Team:Humboldt Berlin/Safety


General Safety in the Lab

Based on the WHO - Laboratory biosafety manual, 4th edition1, the factors associated with the highest likelihood of incidents occurring are: activities associated with aerosolization, activities associated with sharp material and low competency of personnel. To prevent any of these incidents from occurring, every team member working in the laboratory was briefed in biosafety level 1 (BSL1) standard. Everyone had to comply with the lab guidelines at every time. All lab work was carried out in a BSL1 laboratory provided by Prof. Dr. Erhardt. Genetically engineered organisms were protocoled according to local guidelines. Experiments performed with organisms that require sterile ambients (Escherichia coli and Salmonella Typhimurium) were performed either at a clean bench or close to a burner. All used reusable lab consumables were properly autoclaved. For further information, see iGEM Safety Form.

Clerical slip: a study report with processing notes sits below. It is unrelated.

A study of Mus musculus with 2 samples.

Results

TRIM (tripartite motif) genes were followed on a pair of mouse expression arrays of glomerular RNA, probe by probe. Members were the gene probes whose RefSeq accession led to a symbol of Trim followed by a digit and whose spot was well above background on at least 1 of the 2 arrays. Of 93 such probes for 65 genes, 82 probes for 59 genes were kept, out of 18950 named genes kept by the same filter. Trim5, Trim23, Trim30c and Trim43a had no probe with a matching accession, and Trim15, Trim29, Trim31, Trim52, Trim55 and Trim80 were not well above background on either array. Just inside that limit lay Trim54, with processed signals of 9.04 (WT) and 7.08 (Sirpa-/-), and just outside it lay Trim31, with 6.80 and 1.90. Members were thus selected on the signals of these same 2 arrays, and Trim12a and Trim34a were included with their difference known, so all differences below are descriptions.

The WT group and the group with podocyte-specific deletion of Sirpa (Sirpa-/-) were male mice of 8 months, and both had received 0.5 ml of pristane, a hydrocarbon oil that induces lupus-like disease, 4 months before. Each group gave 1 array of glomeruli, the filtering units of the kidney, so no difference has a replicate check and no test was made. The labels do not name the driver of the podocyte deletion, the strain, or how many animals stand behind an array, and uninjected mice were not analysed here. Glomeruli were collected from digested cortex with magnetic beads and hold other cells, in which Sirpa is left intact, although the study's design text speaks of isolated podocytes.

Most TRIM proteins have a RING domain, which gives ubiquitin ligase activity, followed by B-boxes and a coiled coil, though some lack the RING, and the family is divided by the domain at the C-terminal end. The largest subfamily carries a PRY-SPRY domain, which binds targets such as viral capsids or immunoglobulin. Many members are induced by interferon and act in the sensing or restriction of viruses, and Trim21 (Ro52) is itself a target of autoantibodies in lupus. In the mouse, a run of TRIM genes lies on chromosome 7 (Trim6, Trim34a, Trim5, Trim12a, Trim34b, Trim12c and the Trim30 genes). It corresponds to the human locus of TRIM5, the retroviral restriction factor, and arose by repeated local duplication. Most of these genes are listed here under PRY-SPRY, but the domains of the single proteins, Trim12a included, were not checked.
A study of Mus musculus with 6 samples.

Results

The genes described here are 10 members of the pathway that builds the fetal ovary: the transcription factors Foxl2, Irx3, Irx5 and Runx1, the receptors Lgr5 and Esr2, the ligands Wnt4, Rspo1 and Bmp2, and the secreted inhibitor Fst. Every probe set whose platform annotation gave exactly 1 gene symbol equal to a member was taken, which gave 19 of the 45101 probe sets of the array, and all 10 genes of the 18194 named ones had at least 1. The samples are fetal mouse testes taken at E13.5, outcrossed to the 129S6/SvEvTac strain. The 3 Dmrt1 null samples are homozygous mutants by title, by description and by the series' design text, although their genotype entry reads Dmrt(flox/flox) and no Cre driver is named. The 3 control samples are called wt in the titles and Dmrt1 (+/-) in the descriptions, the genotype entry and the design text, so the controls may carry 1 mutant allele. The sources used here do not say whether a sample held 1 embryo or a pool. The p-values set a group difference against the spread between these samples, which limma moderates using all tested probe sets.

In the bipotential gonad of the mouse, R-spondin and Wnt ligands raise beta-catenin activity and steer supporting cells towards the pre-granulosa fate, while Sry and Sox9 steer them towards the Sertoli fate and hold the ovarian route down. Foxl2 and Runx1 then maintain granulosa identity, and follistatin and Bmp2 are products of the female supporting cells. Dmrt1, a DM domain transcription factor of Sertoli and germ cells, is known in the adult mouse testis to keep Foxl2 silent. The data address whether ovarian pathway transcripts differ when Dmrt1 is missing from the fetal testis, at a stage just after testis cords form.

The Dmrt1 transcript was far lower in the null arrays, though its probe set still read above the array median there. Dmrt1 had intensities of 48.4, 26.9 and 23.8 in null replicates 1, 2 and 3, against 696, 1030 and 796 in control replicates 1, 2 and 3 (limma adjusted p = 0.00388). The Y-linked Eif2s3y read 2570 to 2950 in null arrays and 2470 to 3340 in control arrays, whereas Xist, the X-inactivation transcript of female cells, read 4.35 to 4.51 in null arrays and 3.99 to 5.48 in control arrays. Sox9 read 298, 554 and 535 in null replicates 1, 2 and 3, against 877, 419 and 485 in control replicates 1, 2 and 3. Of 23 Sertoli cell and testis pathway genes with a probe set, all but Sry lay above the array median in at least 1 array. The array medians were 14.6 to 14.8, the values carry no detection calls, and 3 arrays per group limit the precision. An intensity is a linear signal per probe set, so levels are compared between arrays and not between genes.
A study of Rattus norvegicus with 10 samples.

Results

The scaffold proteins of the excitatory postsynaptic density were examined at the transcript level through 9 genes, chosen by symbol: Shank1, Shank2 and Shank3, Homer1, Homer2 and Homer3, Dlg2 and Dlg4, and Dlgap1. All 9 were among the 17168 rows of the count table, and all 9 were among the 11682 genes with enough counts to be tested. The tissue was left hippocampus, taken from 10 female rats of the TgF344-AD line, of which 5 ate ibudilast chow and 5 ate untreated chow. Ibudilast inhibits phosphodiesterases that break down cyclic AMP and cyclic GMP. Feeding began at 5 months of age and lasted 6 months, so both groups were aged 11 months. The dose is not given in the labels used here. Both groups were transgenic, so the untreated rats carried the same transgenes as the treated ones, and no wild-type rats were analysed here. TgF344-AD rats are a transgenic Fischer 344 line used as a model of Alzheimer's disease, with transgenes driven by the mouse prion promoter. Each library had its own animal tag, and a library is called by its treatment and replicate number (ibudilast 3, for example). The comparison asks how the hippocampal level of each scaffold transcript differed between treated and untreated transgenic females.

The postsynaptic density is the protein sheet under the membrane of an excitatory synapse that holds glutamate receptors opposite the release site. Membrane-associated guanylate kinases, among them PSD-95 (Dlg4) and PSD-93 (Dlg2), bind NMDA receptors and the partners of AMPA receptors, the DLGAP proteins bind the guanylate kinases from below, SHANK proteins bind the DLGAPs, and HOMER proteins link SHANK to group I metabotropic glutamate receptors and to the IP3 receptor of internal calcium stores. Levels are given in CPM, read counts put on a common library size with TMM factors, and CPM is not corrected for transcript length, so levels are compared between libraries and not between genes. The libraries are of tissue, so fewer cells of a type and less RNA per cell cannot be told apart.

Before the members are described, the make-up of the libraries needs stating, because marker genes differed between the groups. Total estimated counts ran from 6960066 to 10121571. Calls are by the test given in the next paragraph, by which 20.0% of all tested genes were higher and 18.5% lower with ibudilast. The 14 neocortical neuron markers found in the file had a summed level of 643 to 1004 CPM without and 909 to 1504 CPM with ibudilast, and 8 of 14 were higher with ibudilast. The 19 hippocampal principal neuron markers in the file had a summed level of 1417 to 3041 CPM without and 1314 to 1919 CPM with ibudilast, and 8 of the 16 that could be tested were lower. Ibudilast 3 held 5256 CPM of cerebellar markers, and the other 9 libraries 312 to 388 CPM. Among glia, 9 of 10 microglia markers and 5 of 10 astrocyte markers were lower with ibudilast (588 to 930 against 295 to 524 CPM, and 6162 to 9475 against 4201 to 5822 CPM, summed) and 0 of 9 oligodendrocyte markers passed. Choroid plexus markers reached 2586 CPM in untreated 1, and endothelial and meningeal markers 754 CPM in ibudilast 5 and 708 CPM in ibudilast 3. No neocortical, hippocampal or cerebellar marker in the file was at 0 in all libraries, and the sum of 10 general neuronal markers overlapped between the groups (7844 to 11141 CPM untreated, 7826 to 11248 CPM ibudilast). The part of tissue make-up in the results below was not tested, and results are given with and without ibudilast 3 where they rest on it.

Working with Salmonella

Working with Salmonella Typhimurium is intrinsically dangerous as these pathogens are mostly known for causing disease that affects the intestinal tract. As our project goal clearly involves injection of given minicells into the patient, we had to carefully review options to decrease the danger our minicells could pose to patients. As a start, we created minicells from an attenuated strain of Salmonella Typhimurium, ST14028, which is deficient in SPI-2 and thus BSL 1.


List of Sources

  1. Laboratory biosafety manual, 4th edition.
  2. Kelly, S. M., Bosecker, B. A. & Curtiss, R. Characterization and protective properties of attenuated mutants of Salmonella choleraesuis. Infect. Immun. 60, 4881–4890 (1992).